16/05/2023 General News
A portrait of a lady caused quite a stir at our recent online Pictures Sale when it soared way above its guide price of £2,000-£3,000, selling for £24,000.
When the painting was consigned to the sale, the identity of the sitter was unknown but further research by our Pictures and Sculpture Specialist, Rohan McCulloch, identified her as Anne Templer (1758-1832), Lady De La Pole.
Signed and dated 1793, it is believed to be the work of Thomas Beach (1738-1806), well known for his portraits of Georgian society’s elite.
Thomas Beach showed a strong predilection for art at an early age and under the patronage of Lord Dorchester’s family became a pupil of Sir Joshua Reynolds whilst simultaneously studying at the St Martin’s Lane Academy. He went on to settle at the fashionable resort of Bath where he became in high demand for portraits.
Throughout his career, Beach painted many high-profile subjects, including George IV as Prince of Wales; George Pitt the 1st Lord Rivers and John Montagu the 4th Earl of Sandwich. He also exhibited at the Royal Academy every year from 1785 until 1790. Today, Beach’s work can be found in galleries around the world including the National Portrait Gallery and the Dulwich Picture Gallery.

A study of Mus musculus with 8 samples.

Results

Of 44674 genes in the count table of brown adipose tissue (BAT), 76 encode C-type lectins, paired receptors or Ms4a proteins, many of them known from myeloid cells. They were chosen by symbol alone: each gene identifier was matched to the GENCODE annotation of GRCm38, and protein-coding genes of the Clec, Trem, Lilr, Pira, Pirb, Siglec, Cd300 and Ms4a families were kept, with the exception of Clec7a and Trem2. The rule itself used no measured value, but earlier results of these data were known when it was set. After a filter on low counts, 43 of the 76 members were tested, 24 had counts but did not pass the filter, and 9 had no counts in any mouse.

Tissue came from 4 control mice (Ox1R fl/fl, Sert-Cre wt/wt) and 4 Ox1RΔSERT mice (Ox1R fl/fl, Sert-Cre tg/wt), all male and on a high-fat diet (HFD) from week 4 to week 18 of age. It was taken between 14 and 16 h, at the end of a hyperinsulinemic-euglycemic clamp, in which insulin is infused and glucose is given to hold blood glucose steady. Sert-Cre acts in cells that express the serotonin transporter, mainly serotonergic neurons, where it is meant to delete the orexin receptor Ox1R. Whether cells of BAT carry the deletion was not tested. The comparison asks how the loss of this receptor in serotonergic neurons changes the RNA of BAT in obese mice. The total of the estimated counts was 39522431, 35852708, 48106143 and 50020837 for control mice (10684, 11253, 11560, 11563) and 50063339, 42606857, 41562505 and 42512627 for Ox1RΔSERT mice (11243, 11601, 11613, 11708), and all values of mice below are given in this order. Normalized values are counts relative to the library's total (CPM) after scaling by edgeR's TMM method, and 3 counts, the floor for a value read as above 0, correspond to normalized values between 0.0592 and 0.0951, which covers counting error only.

Beach painted members of the well-known Devonshire De La Pole family on several occasions. Anne was considered quite a beauty at the time and was painted by numerous artists – most famously by George Romney whose painting made international headlines at Christie’s London in 1913 when it was purchased for 40,000 guineas – then a record price for any work of art sold in London.
“Beach was one of the finest portraitists of his generation and is particularly noted for capturing a strong resemblance to his subjects,” said Rohan McCulloch. “Indeed the detail of the face is particularly striking.”
The painting came from a private collection in Devon and was sold to a private collector bidding against the London trade.